Los Angeles County public health officials on Sunday reported 466 new coronavirus cases and three related deaths, but noted that the lower number of cases and deaths could reflect weekend reporting delays.
On Saturday, officials announced that the daily test positivity rate of less than 1% was the lowest since the pandemic began more than a year ago. The daily positivity rate is defined as the percentage of all coronavirus tests reported that are positive, according to the county health department. Not all people who have the virus get the test.
While officials are encouraged by the steady decline in daily cases and transmission of the virus, as well as increased vaccinations, they caution residents to be vigilant against new variants of the virus by adhering to safety protocols such as wearing face masks and social distancing. There remains “significant potential” for transmission of COVID-19 in workplaces, so businesses must follow protocols that require infection control, occupancy limits and personal protective equipment.
To date, officials have confirmed 1,228,997 positive cases of COVID-19 across the county and a total of 23,623 deaths. Currently, 470 people with COVID-19 are hospitalized in the county, officials said.
Meanwhile, Orange County’s Health Care Agency on Saturday reported 79 new COVID-19 cases and five related deaths, bringing that jurisdiction’s total to 252,963 cases and 4,896 deaths since the pandemic began.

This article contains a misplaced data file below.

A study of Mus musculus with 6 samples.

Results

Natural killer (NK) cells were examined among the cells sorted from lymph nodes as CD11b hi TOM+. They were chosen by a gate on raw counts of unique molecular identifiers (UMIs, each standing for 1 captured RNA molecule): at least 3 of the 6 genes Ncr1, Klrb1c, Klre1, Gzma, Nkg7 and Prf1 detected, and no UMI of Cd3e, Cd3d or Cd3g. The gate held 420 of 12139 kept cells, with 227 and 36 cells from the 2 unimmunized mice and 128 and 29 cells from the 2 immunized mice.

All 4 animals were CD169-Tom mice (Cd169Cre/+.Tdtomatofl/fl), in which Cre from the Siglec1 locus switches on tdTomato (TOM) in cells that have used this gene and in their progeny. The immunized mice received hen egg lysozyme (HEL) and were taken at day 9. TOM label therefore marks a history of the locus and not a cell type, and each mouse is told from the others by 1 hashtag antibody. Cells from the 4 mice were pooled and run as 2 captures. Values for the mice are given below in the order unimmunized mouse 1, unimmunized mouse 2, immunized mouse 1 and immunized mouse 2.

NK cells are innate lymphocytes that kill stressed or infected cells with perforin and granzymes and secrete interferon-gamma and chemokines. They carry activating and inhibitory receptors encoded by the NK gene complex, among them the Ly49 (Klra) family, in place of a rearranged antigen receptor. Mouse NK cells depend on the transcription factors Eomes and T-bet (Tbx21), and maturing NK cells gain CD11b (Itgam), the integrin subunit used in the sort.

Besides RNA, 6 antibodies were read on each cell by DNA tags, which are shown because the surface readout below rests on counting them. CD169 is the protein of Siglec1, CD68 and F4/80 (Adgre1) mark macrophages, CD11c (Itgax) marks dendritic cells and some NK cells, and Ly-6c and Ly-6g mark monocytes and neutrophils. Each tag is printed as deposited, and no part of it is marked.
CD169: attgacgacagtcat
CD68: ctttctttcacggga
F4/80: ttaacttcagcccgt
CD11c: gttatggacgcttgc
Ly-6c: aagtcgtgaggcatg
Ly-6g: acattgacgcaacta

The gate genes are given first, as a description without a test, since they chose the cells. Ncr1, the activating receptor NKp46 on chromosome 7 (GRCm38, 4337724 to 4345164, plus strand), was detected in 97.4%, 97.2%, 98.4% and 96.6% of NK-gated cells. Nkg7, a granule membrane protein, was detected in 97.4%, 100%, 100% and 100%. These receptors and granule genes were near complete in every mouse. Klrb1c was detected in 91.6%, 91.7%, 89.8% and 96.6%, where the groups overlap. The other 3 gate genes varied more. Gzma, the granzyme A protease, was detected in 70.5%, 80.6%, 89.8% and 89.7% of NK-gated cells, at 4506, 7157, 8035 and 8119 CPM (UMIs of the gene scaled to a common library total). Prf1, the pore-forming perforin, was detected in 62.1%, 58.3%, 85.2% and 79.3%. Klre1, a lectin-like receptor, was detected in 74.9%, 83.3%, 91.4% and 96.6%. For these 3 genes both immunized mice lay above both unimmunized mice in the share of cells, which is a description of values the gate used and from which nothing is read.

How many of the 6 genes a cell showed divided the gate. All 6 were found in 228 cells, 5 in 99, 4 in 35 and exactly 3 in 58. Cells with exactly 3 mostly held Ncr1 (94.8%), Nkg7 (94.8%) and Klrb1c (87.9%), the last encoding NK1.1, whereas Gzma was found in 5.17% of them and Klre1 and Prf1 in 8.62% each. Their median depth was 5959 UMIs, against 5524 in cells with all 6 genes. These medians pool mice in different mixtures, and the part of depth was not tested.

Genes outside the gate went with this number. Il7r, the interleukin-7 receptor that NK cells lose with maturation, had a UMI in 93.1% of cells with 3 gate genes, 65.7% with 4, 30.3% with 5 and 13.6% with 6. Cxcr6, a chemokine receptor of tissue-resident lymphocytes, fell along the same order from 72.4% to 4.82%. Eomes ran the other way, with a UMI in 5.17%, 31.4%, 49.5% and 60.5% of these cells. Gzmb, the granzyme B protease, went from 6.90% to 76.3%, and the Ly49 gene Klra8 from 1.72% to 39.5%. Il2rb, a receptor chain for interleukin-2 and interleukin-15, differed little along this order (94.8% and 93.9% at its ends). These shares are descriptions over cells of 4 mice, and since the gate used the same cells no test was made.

Across California, 3,616,779 coronavirus cases and 59,768 related deaths were reported since the start of the pandemic, according to the state department of public health.
Data from the Centers for Disease Control and Prevention show that more than half of California adults, 55.1%, had received at least one shot.
The Golden State’s vaccination rate was ahead of the nation’s next three most populous states: Texas (46.5%), Florida (47.2%) and New York (53.5%). California is also higher than the 50.4% national average for adults who are at least partially vaccinated.
The rate of partial vaccinations for all those 16 and older was about 50%, according to state figures released Friday. Sixteen- and 17-year-olds throughout the state were granted permission to seek vaccines earlier in the week.
Although Los Angeles, Riverside and San Bernardino counties had already allowed members of that age group to register for vaccinations, Orange and Ventura County teens were able to apply for the first time Wednesday through the state’s My Turn appointment system.